Golfing History - Second Generation Golf Clubs
In 1826, a club-maker, Robert Forgan of Scotland, began to use hickory imported from America to manufacture shafts. This was quickly adopted as the wood of choice although the others continued to be used - perhaps because of cost.
The invention of the Guttie ball in 1848 by Rev. Adam Paterson quickly rendered longnoses obsolete. Instead bulgers were used to cope with increased stresses incurred by using the new ball. Bulgers closely resemble today's woods in that they have a bulbous head.
Interestingly, professionals such as Allan Robertson, Old Tom Morris and Willie Park Snr had workshops making clubs and balls, which were exported, around the world. Back then golfers associated Scotland with golf equipment in the way that today we associate Switzerland with timepieces and as such it was an extremely lucrative trade.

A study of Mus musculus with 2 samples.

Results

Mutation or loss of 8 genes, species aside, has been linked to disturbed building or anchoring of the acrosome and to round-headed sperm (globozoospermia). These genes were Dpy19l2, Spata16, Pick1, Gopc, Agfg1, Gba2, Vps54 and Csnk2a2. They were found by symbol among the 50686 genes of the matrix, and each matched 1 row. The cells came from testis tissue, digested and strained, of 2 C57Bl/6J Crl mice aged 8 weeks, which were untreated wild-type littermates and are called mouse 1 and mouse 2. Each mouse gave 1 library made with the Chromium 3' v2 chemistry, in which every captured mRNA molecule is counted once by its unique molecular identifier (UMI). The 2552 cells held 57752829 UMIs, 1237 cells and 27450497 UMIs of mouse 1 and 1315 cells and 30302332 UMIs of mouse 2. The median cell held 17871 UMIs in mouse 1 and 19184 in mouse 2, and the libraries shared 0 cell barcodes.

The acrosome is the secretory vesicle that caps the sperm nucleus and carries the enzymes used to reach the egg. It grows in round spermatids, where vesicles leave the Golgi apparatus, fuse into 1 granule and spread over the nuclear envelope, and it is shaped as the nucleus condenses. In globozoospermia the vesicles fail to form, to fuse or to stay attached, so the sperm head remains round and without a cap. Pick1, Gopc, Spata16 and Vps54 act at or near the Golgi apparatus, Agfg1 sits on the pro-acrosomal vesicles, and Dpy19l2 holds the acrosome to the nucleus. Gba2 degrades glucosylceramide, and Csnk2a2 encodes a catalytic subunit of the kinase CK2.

By 1900, persimmon imported from America had replaced beech and other hard woods as the material of choice for club heads. A popular alternative was aluminum in keeping with the tradition of hand forging metal club heads. Indeed in 1902, E. Burr introduced groove-faced irons for increased backspin.
Although blacksmiths such as Thomas Horsburgh experimented with steel shafts since the late 1890s, they were only slowly adopted. The R&A only legalized them after the Prince Of Wales used them on the Old Course, St Andrews in 1929. Billy Burke was the first to win a major tournament with steel shafted clubs when he won the US Open in 1931.